Taking part in research trials: a patient perspective
Last Reviewed 28/03/2017
The theme for this year’s Rare Disease Day was ‘Research, where all possibilities are limitless’. This is particularly relevant to the rare disease patient, whose daily reality is often governed by their poorly understood medical condition, where treatments are usually targeted at symptom suppression, with little known understanding of the cause and cure. And, of course, to have actually attained a diagnosis is an accomplishment in itself, since on average this takes four years.
In 1997, aged 24, having developed swollen fingers and joints, a specialised blood test confirmed that I had the rare, autoimmune rheumatic disease known as scleroderma (systemic sclerosis) along with the circulatory disease, Raynaud’s syndrome. I was given prognosis of fifteen years by my diagnosing doctor, as there was, and still is, no cure.
I was prescribed a cocktail of chemotherapy and immunosuppressive drugs, which eventually slowed the scleroderma progression. I am now thirteen years free from this regime, and take just one tablet daily to open my blood vessels. I also remain indoors as much as possible, to prevent Raynaud’s attacks.
Taking part in research
Throughout my 20-year Scleroderma patient experience, I have taken part in several clinical trials, all based at the expert Scleroderma Unit at The Royal Free Hospital in London, with Professor Chris Denton being the clinical lead.
It is two years since my last clinical trial experience, where, over the course of six months I had to take ‘mystery tablets’ at set times, communicated to me via an electronic bleeper, which I was unable to turn off!
What to expect from a clinical trial
At the start and end of any clinical trial, all baseline measurements must be taken, so that any difference in results can be seen. This required me to have to travel to the Scleroderma Unit in London. I was able to remain at home in Southport for the trial duration, with the lovely Yvonne, the Clinical Trial Nurse, staying in regular phone contact with me for that time. On this particular trial, I am sure that my ‘mystery tablets’ were the live active ingredient, since I experienced some quite unpleasant side effects, which I noted for the study purposes. I was quite relieved when that trial finished.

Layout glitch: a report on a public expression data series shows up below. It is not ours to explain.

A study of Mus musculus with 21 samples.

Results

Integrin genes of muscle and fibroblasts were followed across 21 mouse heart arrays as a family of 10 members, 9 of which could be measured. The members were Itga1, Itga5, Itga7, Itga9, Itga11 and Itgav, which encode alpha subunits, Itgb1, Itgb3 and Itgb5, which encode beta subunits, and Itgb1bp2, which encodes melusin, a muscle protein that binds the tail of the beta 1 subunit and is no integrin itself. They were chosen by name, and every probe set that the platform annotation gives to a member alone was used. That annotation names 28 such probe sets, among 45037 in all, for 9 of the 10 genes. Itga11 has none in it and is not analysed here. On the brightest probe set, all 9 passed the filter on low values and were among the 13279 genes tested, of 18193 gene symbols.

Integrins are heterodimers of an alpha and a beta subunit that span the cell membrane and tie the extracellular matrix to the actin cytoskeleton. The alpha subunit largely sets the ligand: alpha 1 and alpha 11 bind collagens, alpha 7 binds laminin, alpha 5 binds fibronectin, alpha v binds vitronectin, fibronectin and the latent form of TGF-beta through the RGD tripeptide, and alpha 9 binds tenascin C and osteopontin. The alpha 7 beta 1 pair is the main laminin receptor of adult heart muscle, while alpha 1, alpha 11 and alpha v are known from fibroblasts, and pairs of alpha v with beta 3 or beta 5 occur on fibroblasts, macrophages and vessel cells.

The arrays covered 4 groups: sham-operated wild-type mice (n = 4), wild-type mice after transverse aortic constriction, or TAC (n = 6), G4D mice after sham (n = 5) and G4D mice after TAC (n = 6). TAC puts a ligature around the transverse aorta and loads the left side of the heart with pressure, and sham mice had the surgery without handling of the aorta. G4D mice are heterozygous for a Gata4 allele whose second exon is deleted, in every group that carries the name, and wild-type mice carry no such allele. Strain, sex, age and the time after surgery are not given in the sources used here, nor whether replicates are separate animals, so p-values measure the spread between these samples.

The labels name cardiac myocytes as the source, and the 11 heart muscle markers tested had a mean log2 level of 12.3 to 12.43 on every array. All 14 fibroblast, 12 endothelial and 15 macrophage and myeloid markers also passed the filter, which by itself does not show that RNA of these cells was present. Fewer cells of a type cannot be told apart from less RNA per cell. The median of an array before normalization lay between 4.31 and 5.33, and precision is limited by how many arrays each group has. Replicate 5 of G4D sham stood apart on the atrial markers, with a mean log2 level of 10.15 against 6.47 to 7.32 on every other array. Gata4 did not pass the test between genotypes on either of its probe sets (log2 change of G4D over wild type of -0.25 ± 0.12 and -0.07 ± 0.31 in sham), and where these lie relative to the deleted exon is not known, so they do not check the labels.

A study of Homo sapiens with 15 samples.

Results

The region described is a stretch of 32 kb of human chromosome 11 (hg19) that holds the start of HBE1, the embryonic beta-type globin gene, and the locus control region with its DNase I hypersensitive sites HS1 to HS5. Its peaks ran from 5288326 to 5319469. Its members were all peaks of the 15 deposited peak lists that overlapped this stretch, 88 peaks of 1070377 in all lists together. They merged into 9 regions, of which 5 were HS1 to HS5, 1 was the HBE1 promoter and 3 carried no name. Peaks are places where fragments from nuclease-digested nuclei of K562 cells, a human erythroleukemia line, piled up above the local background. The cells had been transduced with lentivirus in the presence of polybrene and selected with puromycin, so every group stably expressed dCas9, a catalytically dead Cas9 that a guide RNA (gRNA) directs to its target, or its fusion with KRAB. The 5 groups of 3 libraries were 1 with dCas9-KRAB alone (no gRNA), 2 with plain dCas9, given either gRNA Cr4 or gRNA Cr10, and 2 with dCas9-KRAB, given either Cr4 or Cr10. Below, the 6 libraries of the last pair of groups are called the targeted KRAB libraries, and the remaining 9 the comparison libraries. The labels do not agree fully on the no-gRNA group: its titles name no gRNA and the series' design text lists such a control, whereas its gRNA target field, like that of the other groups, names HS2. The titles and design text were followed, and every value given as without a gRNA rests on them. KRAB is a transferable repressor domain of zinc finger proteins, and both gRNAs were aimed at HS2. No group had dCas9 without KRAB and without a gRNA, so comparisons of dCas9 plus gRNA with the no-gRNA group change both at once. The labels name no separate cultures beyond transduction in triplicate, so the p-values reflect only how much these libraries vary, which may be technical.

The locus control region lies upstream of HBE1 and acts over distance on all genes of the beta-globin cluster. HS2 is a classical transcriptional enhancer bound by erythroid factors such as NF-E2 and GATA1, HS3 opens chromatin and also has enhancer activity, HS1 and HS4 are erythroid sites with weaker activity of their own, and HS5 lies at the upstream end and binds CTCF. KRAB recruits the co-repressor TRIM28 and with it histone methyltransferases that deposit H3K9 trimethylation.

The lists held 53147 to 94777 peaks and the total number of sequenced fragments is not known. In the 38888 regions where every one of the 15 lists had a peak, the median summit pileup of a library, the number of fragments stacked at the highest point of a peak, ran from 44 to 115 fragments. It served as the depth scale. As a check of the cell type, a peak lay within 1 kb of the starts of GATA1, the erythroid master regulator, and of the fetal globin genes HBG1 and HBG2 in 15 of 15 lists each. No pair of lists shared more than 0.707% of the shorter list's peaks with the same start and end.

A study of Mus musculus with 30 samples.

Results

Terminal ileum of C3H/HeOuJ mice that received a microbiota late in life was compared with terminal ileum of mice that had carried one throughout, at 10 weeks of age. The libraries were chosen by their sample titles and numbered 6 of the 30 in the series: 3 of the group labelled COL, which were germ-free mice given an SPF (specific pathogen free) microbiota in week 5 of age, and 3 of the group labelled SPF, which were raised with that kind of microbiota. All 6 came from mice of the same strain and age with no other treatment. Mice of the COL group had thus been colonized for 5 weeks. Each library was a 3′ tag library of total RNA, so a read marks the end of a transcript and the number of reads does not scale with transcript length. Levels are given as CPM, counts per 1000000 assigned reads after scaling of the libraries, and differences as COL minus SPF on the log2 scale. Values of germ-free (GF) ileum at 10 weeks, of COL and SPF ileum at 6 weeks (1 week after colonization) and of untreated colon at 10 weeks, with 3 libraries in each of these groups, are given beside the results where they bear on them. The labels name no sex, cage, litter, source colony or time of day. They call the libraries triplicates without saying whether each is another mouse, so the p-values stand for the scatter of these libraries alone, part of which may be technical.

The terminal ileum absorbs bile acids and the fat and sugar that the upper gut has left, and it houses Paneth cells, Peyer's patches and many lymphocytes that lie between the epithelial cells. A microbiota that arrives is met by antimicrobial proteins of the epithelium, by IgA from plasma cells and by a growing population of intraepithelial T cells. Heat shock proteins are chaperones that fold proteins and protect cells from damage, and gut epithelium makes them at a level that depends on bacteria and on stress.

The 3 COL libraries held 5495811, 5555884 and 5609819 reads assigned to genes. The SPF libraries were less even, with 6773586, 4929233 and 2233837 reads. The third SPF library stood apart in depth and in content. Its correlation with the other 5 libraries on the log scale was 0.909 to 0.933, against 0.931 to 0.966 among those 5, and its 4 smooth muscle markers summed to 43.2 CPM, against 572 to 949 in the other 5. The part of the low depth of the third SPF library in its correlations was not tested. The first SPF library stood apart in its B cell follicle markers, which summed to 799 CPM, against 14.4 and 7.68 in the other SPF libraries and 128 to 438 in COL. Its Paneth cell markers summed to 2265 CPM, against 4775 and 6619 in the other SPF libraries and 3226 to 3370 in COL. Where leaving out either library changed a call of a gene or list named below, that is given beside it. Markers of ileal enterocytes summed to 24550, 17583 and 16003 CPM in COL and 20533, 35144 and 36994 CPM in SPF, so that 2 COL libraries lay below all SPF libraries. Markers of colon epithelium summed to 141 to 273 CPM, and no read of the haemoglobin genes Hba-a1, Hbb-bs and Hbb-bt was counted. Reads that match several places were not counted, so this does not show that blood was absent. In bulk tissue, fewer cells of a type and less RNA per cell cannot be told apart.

My clinical trial experience prior to the ‘mystery tablets’ involved me having to inject myself with a ‘mystery liquid’. Having a rare disease certainly takes you down life paths which you would never have dreamed of going, as well as helping you find your inner strength, which you never knew you had. I have always hated needles, and still do; I cannot even watch the phlebotomist put the needle into my arm at my current bi-monthly blood tests. However, for the best part of eighteen months, I was required to inject myself with a liquid which was stored in a small vial, which I had just removed from the freezer. I had several minutes to warm the vial, so that the frozen ingredient became a liquid, draw the liquid into the needle and then inject myself, twice a week, including Christmas Day. I used my stomach as my injection site, giving myself the reward of cake, to keep my injection site maintained properly. I would also play my favourite music at that time, to get me in to ‘the zone’ for doing what I needed to get on and do.
I have the utmost respect for all patients who have to inject themselves on a daily basis. The ‘mystery liquid’, although my worst nightmare to administer, made me feel a lot better with less pain and muscle rigidity. Sadly, I understand that the results were not promising enough for the pharmaceutical company to consider further investment in this area, which is disappointing to me as a patient, as I did feel a lot better when having the ‘mystery liquid’.
I would urge every rare disease patient to take part in a research trial if the opportunity is offered by a respected research centre.
As a rare disease patient this is a way in which we can help to pioneer the future for fellow rare disease patients. By taking part in a trial there is the opportunity to try newer innovative treatments which may provide most welcome symptom relief.
Nicola was diagnosed in 1997 with systemic sclerosis and Raynaud’s phenomenon. She is an active champion for those affected by rare diseases currently serves as an advisor to EURORDIS and the British Society for Rheumatology. She is also a Patient Public Voice Representative on NHS England’s Clinical Reference Group for Specialised Rheumatology. She is a qualified barrister and blogs at blog.raynaudsscleroderma.co.uk. She can also be found at Pro-VIDE-Law and Scleroderma News.